June 9, 2020


When I ran for the job of ATA president, I knew it would be a busy one. Partway through last year, my first as president, I created a list of issues that the ATA had dealt with since I took office on July 2, 2019. I kept the list going for the rest of the year. It’s only partially complete, and a list can’t fully capture the work and energy expended by ATA staff, Provincial Executive Council and other ATA members, but it does provide a glimpse of what turned out to be one dramatic year. 

There are still several weeks to go before the end of the 2019/20 school year. As we put a tumultuous year behind us, I wish you a restful summer. You deserve it. ❚




June 19
Bill 9, the Public Sector Wage Arbitration Deferral Act, halts wage arbitration talks with the ATA and other public sector unions until the end of October. 

June 24
Government announces return of Grade 3 PATs/SLAs.

July 3
Bill 8 amends the Education Act, removing protections for GSAs in schools.

August 16
Government cancels memorandum of understanding that named ATA as partner in new curriculum development.

August 22
Announcement of Curriculum Advisory Panel. Active teacher reps excluded from panel.

August 29
Alberta lifts ban on seclusion rooms.

August 31
School fees/transportation cap removed.

Last week of August/first week of September: start of school year with no budget.

September 1
Removal of public from official school board names takes effect.

September 3
Mackinnon Report recommends spending cuts and legislated public sector salaries.

October 18
Government cancels Class Size Initiative and recording of class size data.

October 24
Budget tabled with $275 million shortfall in education funding.

November 8
Survey conducted for Choice in Education Act.

November 19
CBE and other boards report job losses due to funding shortfall.

November 21
Bill 22 passes, enabling the transfer of control of teachers’ pension plan assets from ATRF to AIMCo.  

November 29
Politics in the classroom (social studies question creates stir on Twitter).

November 30
UCP AGM adopts policy in favour of voucher education system.

November 30
Government calls meeting to “bring balance back” to labour relations code.

December 2
PISA results released.

December 20
Teacher discipline makes news as education minister overrules ATA discipline recommendation.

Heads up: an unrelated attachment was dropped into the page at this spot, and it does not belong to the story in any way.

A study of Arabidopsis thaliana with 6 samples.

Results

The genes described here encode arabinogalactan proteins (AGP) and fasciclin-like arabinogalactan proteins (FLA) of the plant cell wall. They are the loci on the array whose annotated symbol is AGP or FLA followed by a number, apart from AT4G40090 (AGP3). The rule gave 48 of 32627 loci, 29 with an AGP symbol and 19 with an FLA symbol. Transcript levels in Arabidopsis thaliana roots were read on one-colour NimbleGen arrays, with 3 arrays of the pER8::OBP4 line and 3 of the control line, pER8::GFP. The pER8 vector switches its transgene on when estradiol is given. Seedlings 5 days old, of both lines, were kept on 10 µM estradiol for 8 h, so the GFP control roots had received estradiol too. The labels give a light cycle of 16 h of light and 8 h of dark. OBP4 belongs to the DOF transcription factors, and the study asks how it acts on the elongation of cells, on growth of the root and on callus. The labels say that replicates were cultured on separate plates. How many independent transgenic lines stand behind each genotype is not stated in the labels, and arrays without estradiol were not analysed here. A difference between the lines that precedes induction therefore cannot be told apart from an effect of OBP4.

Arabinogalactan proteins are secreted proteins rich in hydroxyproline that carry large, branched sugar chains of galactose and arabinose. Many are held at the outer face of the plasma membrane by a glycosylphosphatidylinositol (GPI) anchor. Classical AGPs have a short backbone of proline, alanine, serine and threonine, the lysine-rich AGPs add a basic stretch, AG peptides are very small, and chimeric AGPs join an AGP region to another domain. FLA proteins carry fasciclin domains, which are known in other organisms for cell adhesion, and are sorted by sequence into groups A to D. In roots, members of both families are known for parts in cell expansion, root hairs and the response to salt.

January 29
Curriculum Advisory Panel/Ministerial Order on Student Learning releases recommendations; professional judgment of teachers called into question.

February 10
FOIP request reveals $136 million cut to education in Budget 2019.

February 18
Funding formula press conference.

February 25
Throne speech references MacKinnon Report, curriculum and standardized testing.

February 27
Budget 2020 references “own source revenue” and new funding model. Cuts still present.

February 27
March for What Matters attracts 13,000 public sector workers and supporters to Alberta legislature.

March 3
Alberta Distance Learning Centre service agreement to end in 2022.

March 13
COVID-19: Classes to continue during pandemic.

March 15
COVID-19: Classes cancelled for students; remote emergency teaching begins.

March 20
COVID-19: Government announces ongoing education requirements.

March 28
COVID-19: Announcement by government on operations includes layoff of 6,000 substitute teachers and 20,000 education support staff.

April 2
COVID-19: ATA cancels or postpones events including meetings, Annual Representative Assembly and Summer Conference.

April 14
COVID-19: ATA continues representation with government on working from home/school, rumoured teacher layoffs.

April 30
COVID-19: Discussions about re-entry to school considerations (ongoing), premier announces students will not return to class this academic year.

May 1
AIMCo discloses a loss of nearly $2.1 billion; efforts continue to repeal Bill 22. 

May 1
Concerns raised about PUF funding as programs across province start initiating cuts.

May 21
Education minister releases audit findings on CBE, and says she’ll fire trustees if they don’t make changes outlined in a ministerial order.

May 28
The Choice in Education Act is tabled in the legislature, with impacts on charter and home schooling.